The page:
By Sac Observer on September 8, 2011
© The Sacramento Observer

According to new hunger data released today by the U.S. Department of Agriculture (USDA), 25.1 percent of African-American households suffered from food insecurity in 2010. Among African-American households with children, the figure is much higher—nearly one in three. These figures remain higher than the general population and more than double those of non-Hispanic white households.

“High rates of unemployment have made it difficult for many U.S. households to put food on the table—but communities of color continue to be disproportionately impacted,” said Rev. Derrick Boykin, Associate for African American Leadership Outreach at Bread for the World.

One in five Americans—and nearly one in four African Americans—currently participate in the Supplemental Nutrition Assistance Program (SNAP, formerly known as food stamps). Although hunger among African-Americans and Hispanics remains unconscionably high—especially when compared to non-Hispanic white Americans—it would be much higher were it not for federally-funded safety net programs that helped keep millions of Americans from going hungry.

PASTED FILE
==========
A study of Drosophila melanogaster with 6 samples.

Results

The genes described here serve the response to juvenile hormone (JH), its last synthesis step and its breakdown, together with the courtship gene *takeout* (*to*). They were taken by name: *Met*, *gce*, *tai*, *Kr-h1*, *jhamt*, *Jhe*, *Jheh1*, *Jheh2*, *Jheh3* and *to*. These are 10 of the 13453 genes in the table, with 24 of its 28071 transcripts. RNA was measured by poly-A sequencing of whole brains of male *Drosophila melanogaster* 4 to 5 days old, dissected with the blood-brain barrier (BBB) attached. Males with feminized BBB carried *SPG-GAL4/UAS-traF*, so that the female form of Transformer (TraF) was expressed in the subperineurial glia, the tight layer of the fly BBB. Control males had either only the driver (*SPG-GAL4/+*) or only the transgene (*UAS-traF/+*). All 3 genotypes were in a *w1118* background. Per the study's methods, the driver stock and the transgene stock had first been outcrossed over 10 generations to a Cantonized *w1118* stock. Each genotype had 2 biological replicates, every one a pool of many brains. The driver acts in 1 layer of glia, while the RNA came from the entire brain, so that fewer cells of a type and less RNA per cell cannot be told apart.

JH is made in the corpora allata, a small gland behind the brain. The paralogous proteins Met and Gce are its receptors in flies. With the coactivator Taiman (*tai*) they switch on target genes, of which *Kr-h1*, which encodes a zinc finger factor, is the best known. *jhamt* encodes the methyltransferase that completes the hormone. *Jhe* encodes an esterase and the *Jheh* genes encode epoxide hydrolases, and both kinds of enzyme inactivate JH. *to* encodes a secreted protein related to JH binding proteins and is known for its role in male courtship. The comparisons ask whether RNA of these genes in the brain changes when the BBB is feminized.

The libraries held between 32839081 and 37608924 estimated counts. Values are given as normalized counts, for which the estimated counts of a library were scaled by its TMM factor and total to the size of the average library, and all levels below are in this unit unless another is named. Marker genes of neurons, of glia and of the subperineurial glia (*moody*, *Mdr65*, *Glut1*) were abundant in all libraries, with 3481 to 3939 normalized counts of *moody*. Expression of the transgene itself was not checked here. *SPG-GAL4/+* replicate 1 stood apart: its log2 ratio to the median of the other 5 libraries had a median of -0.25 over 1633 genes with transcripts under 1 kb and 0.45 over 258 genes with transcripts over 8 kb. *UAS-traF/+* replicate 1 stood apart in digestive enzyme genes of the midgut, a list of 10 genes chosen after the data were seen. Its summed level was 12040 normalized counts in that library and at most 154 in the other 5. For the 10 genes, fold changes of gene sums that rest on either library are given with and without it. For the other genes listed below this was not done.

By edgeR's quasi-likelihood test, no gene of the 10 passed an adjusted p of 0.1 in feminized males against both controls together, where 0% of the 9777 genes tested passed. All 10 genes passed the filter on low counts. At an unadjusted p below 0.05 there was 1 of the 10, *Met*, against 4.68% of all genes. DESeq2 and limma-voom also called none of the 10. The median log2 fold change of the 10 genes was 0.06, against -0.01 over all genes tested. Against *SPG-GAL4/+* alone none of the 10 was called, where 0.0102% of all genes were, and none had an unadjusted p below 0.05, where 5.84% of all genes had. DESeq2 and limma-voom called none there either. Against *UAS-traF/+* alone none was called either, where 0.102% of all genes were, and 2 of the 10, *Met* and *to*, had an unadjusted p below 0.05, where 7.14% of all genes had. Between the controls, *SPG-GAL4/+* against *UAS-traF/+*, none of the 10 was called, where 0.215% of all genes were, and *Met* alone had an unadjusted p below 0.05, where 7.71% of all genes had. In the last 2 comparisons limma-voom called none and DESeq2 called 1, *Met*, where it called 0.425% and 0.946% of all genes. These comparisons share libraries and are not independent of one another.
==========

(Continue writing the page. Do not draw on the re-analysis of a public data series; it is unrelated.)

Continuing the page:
According to today’s USDA report, 59 percent of all food-insecure households participated in one or more of the three largest nutrition assistance programs around the time that the 2010 data were collected. However, programs such as SNAP, Medicaid, and WIC are currently on the chopping block as the next phase of the battle to balance the budget and reduce the deficit now falls on the Joint Select Committee on Deficit Reduction—or “Super Committee”—which must identify $1.5 trillion in federal deficit reductions.

“It is unconscionable that Congress is considering cuts to programs that help families make ends meet,” added Boykin. “As Congress returns from August recess to resume budget and deficit reduction debates, we must urge members to expand the Circle of Protection around programs that offset the ongoing impacts of the recession as millions of Americans work to meet their basic needs.”

Across the board, rates of hunger and poverty within Hispanic and African-American communities tend to be disproportionately higher than those of non-Hispanic white communities. The USDA figures also revealed that 26.2 percent of Hispanic households suffered from food insecurity in 2010.